Every renter has tried to do the math to figure out if it makes more sense to buy a home, rather than continue to lease.
Few are as equipped to do so as Hamed Ghoddusi.
Ghoddusi, an assistant professor of finance at the School of Business, developed a model to explore the effectiveness of a mortgage as a tax shield amid uncertainty. And when he decided to buy the Hudson County home he'd been renting since coming to Stevens Institute of Technology six years ago, his calculations showed he'd come out ahead when comparing mortgage deductions against the high rent he was paying.
Then, Donald Trump signed the Tax Cuts and Jobs Act. Suddenly, SALT deductions were capped at $10,000 -- extremely punishing in high-income, high-tax states like New Jersey -- and Ghoddusi's calculations went out the window.
"They say to write what you know," Ghoddusi said. "In this case, maybe it was more like rewrite what you know?" His work, written in collaboration with Mohamad Afkhami, a Ph.D. candidate at Stevens is reported in the Journal of Economic Dynamics and Control.
However, the rewrite has given this topic even more visibility, as homeowners, businesses and local governments assess the impact of the 2017 Tax Cuts and Jobs Act. Based on findings from his model, he expects home pricing and demand in high-income, high-tax places like New Jersey to fall, with a predictable impact on property tax collections.
The most unique component of the model is that it accounts for uncertainty -- and, in fact, volatility may be a good thing for households as they prepare to file taxes. In one application of the model, Ghoddusi looked at the advantages of an adjustable-rate mortgage, or ARM, versus a fixed rate. ARM loans tend to offer a lower interest rate at the start of the mortgage; after a set period of time, the rate is recalculated based on the index the mortgage is tied to.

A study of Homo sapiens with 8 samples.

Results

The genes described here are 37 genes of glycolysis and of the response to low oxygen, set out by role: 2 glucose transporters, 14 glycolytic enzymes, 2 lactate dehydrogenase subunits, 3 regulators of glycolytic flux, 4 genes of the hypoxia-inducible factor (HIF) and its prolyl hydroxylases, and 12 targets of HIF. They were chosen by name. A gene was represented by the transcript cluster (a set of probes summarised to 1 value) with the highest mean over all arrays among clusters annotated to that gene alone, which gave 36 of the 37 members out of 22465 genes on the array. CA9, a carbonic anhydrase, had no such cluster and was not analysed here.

Conventional wisdom is that an ARM becomes more expensive when interest rates spike. But when those rates do go up, a homeowner is more likely to deduct those higher interest costs, turning them into tax savings -- meaning the expected effective cost of an ARM is lower than a fixed-rate mortgage with an equal average interest rate, Ghoddusi said.
Ghoddusi's model helps a borrower make the best mortgage decision by quantifying the expected value of mortgage interest deductions over the life of the loan. The model considers factors such as a fixed- or adjustable-rate loan, the term and local taxes in determining the total cost of the mortgage.
"I'm not aware of any other model that looks at the effect of uncertainty on the expected value of mortgage interest deductibility," he said. "Volatility may not be bad for certain households that are near the standard deduction threshold."
Additionally, borrowers who can defer elective medical procedures or charitable giving, combining them into a single year, may be able to occasionally exceed the standard deduction, creating additional tax shielding.
Ghoddusi already is working on future ideas for applications of his model. The most important one may be how the Trump tax cuts affect home pricing in different states, a topic the original paper touches on.
"Having so many colleagues here who think in that (analytics and modeling) framework is very helpful and makes it easier to identify areas of focus that can create impact."
"Places like Texas or Florida, where there's no income tax, you won't see much of an effect, because homeowners take the standard deduction anyway," he said. "But in places like New Jersey, New York and California, where local taxes are high, you're now seeing the SALT deduction capped at $10,000. So there's less financial incentive to buy a home in those places, meaning prices should drop."
Ghoddusi previously lived in Austin, an energy hotbed, which is how he got his start in energy finance. But after relocating to the New York City area, he quickly realized if he wanted to do research that creates impact, a good place to look would be real estate.
The impact of his work has surprised even him on occasion, such as when he's presented findings from his model to other researchers in the finance space.
"This kind of work always gets attention, because everyone is dealing with mortgages one way or another," he said. "But now, as I get to the end of my seminars, I see all these disappointed faces of people who may not have considered the effect of the deductibles in the calculation of their effective cost of capital. And these are finance faculty who are sophisticated about this topic, so I know there's a need for more understanding at the homebuyer level."